How the Fed Keeps Sowing Uncertainty and Confusion
Opinion

How the Fed Keeps Sowing Uncertainty and Confusion

Joshua Roberts

Suddenly, the unthinkable has become likely: For the first time, the futures market is putting the odds of a Federal Reserve interest rate hike in December at 50 percent. It's even money that the cost of credit will rise — for the first time since 2006 — just before Christmas.

Expectations shifted after language was removed from the Fed's policy statement about near-term pressures on inflation, while a line was added about how economic data was being monitored to determine whether it will be appropriate to raise interest rates "at its next meeting."

But instead of giving clarity and confidence to market participants, the statement has only sown more uncertainty and confusion.

It's all become a bit surreal — the way the market follows every hint, wink, hushed whisper and economic data point as if life itself depended on it, all in the pursuit of a clue that would tilt odds of a December one way or another. Untold billions depend on making the right choice.  


Dudley feigned surprise that everyone is so confused, reiterating the Fed's focus on GDP growth and pressure on the labor market. Taylor ripped in: "Are you kidding? No one knows what you're doing." Laughter followed, because he hit a nerve: For years, the Fed has moved the goalposts on when policy normalization was going to happen seemingly without reason.

Unemployment rate thresholds, such as the 6.5 percent rate of 2012, have come and gone. Key words like "patient" and phrases like "considerable time" have come and gone to great fanfare. Now, we are left with this:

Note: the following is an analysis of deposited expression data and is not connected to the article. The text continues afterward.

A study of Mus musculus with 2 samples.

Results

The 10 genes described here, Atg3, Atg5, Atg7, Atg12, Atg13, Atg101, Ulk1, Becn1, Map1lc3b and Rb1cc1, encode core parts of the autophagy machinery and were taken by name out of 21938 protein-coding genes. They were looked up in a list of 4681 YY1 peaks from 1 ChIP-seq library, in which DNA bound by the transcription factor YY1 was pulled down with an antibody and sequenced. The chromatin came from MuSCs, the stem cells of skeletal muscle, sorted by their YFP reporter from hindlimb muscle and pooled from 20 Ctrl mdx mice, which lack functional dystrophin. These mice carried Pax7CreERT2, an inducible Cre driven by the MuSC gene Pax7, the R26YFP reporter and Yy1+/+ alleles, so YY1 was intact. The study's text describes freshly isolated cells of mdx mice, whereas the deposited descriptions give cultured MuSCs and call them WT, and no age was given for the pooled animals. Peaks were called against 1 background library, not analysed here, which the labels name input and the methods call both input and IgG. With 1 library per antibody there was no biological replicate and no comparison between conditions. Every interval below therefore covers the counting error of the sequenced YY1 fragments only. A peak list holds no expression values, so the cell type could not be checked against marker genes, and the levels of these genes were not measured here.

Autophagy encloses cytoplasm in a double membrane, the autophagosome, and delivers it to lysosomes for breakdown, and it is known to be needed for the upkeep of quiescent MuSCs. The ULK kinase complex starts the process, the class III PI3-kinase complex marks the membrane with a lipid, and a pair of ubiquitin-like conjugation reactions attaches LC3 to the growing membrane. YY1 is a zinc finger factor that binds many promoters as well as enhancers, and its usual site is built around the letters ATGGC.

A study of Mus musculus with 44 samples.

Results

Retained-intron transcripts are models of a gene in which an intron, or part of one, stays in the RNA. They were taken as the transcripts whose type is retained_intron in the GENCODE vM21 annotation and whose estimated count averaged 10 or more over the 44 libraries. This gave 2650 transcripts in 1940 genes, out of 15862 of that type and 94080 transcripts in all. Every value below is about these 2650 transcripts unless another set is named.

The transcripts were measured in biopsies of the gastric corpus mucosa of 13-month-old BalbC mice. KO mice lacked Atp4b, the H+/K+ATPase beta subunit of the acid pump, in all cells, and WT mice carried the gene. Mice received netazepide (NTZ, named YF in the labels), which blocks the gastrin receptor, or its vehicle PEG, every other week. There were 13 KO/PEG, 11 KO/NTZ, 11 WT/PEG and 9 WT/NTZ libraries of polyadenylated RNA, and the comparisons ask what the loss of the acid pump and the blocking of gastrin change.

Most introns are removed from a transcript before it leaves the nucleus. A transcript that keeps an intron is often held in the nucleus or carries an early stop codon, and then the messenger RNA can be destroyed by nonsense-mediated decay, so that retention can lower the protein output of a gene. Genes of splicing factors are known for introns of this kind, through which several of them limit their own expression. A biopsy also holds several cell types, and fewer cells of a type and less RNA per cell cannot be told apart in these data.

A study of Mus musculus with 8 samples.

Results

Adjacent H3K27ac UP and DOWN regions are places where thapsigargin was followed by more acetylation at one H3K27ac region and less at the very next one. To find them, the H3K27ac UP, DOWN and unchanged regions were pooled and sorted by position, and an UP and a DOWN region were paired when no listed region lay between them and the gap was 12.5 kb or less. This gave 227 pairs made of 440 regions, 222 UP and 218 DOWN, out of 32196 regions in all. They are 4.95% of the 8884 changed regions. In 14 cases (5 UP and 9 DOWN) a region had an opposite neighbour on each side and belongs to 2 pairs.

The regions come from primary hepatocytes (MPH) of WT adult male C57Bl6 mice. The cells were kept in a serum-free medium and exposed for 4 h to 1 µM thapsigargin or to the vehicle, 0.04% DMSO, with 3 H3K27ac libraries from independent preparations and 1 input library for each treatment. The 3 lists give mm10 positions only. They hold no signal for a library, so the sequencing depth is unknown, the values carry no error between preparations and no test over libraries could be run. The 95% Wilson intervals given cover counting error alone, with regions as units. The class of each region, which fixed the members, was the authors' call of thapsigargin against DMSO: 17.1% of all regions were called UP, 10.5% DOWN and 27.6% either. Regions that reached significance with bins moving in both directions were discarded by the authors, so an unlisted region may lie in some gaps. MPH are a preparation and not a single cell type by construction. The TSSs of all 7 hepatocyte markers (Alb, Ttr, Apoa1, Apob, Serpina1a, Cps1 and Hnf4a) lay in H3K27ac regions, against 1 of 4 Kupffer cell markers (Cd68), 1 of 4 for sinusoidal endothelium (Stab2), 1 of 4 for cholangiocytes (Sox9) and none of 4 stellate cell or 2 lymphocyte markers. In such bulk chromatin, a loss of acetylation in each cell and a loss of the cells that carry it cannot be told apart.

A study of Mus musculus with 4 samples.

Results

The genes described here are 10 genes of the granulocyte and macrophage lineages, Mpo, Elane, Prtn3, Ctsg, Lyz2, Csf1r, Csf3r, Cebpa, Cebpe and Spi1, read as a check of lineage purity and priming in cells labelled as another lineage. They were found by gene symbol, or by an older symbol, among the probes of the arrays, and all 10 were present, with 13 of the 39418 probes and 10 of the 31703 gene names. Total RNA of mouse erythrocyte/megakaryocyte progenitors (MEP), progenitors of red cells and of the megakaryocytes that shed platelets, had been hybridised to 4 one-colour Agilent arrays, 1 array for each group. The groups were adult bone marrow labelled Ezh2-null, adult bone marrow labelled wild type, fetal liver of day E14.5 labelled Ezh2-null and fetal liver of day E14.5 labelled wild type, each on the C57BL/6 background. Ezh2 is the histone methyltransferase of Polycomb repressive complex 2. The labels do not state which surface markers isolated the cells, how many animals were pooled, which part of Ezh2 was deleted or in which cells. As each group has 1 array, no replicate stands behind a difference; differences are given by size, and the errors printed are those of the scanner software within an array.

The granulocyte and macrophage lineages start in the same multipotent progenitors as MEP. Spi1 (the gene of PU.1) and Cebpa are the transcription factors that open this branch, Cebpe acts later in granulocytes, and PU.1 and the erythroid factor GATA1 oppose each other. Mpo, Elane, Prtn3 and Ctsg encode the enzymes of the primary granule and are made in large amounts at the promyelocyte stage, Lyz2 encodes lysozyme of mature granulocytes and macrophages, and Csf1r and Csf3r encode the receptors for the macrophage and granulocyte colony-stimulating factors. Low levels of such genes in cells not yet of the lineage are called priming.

"The Committee anticipates that it will be appropriate to raise the target range for the federal funds rate when it has seen some further improvement in the labor market and is reasonably confident that inflation will move back to its 2 percent objective over the medium term."

To this one must add, based on the Fed's comments, financial market stability (read: stock prices) and global economic and financial developments (read: China).


A study of market responses to so-called "hawkish" signals — Fed comments or economic data suggesting a rate hike had moved closer — shows they are becoming less and less potent. Gallo believes the market has caught onto the Fed's dovish bias, as the Fed itself becomes more sensitive to markets in its policy setting. It's become a self-reinforcing and increasingly dangerous dynamic.

Just look at the violent reaction in the stock market to last Wednesday's Fed announcement:  The Dow Jones Industrial Average churned in a 220-point range over just two hours.


"There is always a temptation for the central bank to speak in a whisper, because anything that gets said reverberates so loudly in markets. But the softer it talks, the more the market leans in to hear better and, thus, the more the whisper gets amplified. So efforts to overly manage the market volatility associated with our communications may ultimately be self-defeating."

Societe Generale economist Aneta Markowska has bumped up her odds of a December hike to 45 percent, from 40 percent before. She notes that in its policy statement on Wednesday, the Fed softened its language on the labor market ("the pace of job gains slowed") but buffed up its language on domestic demand, despite disappointing retail sales and durable goods reports recently. More mixed signals.

The flow of economic data and the takeaway from Fed speeches will only increase in importance now, making the hike/no hike guessing game even more unbearable.  Capital Economics' Chief North American Economist Paul Ashworth still believes that the November and December payroll reports won't be strong enough to justify rate liftoff this year, pushing policy normalization into 2016.


Gallo doesn't believe the Fed can hike this year — despite its own forward guidance suggesting it should — because of low inflation, upward pressure on the dollar from easing or the threat of easing from the European Central Bank and the People's Bank of China, and end-of-year trading liquidity concerns (especially in high-yield bonds) that could exacerbate any negative market reaction to a December rate hike.

Each sounds like a plausible result since, at this point, one guess is as good as any other.